Juliette Kayyem Did Not Vote in a Couple of Elections

Is this a big deal or no big deal?

Periodically I like to ask, concerning an issue hitting a candidate: How big a deal should this be for voters? Putting aside my political analysis of whether it will hurt the candidate at the polls, is it something that voters should reasonably hold against the candidate—and if so, how much?

Today I ask about the Globe‘s discovery that gubernatorial candidate Juliette Kayyem did not vote in a couple of very important recent Massachusetts elections: Scott Brown vs. Martha Coakley for US Senate, January 2010; and Charlie Baker vs. Deval Patrick for Governor, November 2010.

My initial reaction was that this could be a legitimate issue—not huge, but meaningful in assessing Kayyem. The results of those elections were likely to have very big effects on real policy going forward, with a lot at stake for people of the Commonwealth. If she couldn’t be bothered to participate in those choices, it might suggest a certain dilettantish nature to her sudden political enthusiasm.

But it seems to me there’s not much here to suggest that; she seems to have been a regular voter for years, who chose not to vote in Massachusetts while living and claiming residence in Washington, D.C., during the time she worked for the Obama administration.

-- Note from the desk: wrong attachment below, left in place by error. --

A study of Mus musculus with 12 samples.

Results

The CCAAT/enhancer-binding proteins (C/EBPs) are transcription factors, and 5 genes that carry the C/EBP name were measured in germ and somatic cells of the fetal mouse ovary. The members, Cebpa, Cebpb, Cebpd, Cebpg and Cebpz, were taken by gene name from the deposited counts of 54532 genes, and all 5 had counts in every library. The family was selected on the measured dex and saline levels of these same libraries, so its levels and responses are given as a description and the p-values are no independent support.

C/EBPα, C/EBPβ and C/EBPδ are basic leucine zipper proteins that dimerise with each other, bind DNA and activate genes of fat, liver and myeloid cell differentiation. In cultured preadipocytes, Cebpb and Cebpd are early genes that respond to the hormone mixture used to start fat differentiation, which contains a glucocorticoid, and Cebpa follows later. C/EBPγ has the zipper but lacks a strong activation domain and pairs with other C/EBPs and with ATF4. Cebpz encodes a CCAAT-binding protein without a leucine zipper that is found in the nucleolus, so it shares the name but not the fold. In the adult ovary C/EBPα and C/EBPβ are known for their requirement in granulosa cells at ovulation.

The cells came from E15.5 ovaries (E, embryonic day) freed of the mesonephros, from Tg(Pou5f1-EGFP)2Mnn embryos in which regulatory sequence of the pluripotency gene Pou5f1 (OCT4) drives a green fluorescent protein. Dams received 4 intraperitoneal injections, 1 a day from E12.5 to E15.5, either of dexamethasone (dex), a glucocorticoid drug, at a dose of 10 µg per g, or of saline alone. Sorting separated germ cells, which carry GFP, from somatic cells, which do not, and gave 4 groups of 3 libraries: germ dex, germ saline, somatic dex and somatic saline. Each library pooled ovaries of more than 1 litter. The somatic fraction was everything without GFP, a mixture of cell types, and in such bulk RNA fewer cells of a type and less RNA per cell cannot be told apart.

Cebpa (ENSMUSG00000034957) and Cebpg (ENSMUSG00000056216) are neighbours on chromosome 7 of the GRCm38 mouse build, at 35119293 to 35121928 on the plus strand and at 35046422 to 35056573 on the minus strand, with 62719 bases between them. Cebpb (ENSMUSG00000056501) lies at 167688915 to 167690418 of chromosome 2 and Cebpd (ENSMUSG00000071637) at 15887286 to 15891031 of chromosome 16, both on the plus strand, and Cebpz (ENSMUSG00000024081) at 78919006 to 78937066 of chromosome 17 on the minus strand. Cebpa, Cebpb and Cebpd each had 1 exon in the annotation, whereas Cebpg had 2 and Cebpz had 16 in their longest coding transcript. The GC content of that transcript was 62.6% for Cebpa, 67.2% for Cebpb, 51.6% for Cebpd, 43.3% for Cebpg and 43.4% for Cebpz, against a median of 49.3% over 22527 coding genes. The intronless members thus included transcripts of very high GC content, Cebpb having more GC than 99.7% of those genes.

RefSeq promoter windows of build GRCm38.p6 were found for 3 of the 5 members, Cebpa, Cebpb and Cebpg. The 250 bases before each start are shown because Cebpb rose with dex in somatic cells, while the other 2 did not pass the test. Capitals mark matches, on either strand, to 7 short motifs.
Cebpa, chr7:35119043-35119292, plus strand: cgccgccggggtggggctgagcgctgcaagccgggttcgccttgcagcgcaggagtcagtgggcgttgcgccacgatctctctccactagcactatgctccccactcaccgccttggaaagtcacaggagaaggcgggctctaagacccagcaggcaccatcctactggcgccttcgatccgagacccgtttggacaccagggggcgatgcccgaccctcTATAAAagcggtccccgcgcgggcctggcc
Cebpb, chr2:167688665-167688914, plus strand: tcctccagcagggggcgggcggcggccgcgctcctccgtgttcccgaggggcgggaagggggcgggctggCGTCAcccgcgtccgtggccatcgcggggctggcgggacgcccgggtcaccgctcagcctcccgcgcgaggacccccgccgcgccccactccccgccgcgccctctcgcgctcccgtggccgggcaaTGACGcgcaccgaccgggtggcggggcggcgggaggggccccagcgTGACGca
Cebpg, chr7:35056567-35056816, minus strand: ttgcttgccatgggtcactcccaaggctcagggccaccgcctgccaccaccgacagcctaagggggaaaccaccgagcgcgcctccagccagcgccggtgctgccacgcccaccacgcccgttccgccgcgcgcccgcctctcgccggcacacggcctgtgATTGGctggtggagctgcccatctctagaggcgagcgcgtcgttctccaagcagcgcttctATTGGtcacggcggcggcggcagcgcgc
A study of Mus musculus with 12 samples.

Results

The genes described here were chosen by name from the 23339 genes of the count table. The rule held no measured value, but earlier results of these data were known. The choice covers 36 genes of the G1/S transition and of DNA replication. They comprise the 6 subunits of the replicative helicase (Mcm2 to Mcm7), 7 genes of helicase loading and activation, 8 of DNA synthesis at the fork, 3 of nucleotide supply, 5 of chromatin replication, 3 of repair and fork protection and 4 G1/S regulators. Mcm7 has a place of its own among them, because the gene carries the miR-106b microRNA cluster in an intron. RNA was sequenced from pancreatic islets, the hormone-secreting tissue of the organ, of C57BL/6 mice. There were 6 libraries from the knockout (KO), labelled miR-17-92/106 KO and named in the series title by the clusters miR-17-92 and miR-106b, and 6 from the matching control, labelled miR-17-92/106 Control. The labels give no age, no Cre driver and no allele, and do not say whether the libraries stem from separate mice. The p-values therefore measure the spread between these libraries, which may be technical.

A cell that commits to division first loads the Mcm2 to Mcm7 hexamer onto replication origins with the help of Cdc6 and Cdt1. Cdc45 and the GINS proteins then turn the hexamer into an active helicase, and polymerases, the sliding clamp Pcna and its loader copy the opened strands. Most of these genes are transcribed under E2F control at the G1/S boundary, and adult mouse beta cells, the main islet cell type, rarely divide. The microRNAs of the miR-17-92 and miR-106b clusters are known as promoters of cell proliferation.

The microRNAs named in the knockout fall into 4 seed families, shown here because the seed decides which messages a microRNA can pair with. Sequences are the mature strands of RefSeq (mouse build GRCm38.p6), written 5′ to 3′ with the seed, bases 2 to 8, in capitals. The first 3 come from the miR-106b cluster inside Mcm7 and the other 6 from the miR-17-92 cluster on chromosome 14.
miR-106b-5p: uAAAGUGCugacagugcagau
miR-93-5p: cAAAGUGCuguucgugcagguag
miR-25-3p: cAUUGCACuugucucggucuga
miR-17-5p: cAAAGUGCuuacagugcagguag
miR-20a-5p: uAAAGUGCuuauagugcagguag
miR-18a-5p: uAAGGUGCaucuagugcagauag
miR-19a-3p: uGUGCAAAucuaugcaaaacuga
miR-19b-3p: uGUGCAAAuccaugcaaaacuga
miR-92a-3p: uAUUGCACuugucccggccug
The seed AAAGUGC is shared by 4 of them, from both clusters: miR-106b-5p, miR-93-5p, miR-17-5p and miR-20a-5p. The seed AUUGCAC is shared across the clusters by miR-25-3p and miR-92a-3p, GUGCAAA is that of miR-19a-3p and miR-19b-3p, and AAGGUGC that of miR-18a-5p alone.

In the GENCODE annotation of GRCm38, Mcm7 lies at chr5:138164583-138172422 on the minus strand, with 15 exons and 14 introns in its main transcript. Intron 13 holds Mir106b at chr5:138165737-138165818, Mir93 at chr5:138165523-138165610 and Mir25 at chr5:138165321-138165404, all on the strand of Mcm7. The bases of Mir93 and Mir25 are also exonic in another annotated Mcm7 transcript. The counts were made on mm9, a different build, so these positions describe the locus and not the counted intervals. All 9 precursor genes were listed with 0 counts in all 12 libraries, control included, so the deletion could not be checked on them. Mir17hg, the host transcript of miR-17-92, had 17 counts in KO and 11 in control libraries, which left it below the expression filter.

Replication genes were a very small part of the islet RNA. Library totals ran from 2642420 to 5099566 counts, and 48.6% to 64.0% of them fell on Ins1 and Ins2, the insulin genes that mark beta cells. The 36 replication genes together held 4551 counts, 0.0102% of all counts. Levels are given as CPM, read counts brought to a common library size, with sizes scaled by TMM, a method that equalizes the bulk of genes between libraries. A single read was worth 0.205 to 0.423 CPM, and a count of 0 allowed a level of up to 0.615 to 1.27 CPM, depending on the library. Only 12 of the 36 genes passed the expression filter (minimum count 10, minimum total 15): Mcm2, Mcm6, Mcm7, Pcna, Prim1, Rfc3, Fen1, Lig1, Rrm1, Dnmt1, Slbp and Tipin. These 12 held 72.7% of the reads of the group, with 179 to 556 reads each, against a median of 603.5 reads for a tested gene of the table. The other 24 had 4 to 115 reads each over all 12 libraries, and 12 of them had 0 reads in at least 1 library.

I will say, though, that I was put off by the apparent fumbling of the question. The campaign told the Globe that Kayyem’s recollection was that she registered to vote in Washington; that turned out to be untrue. A minor flub, perhaps, but suggesting that she and her team might not have the basic communications competence to get easily-verifiable facts straight before answering questions about something potentially controversial.

So, I’m a little concerned about that, but I think overall I would rate this as a minor deal, at best.

But the idea of Big Deal Or No Big Deal is to find out what you think. So please leave comments and let me know!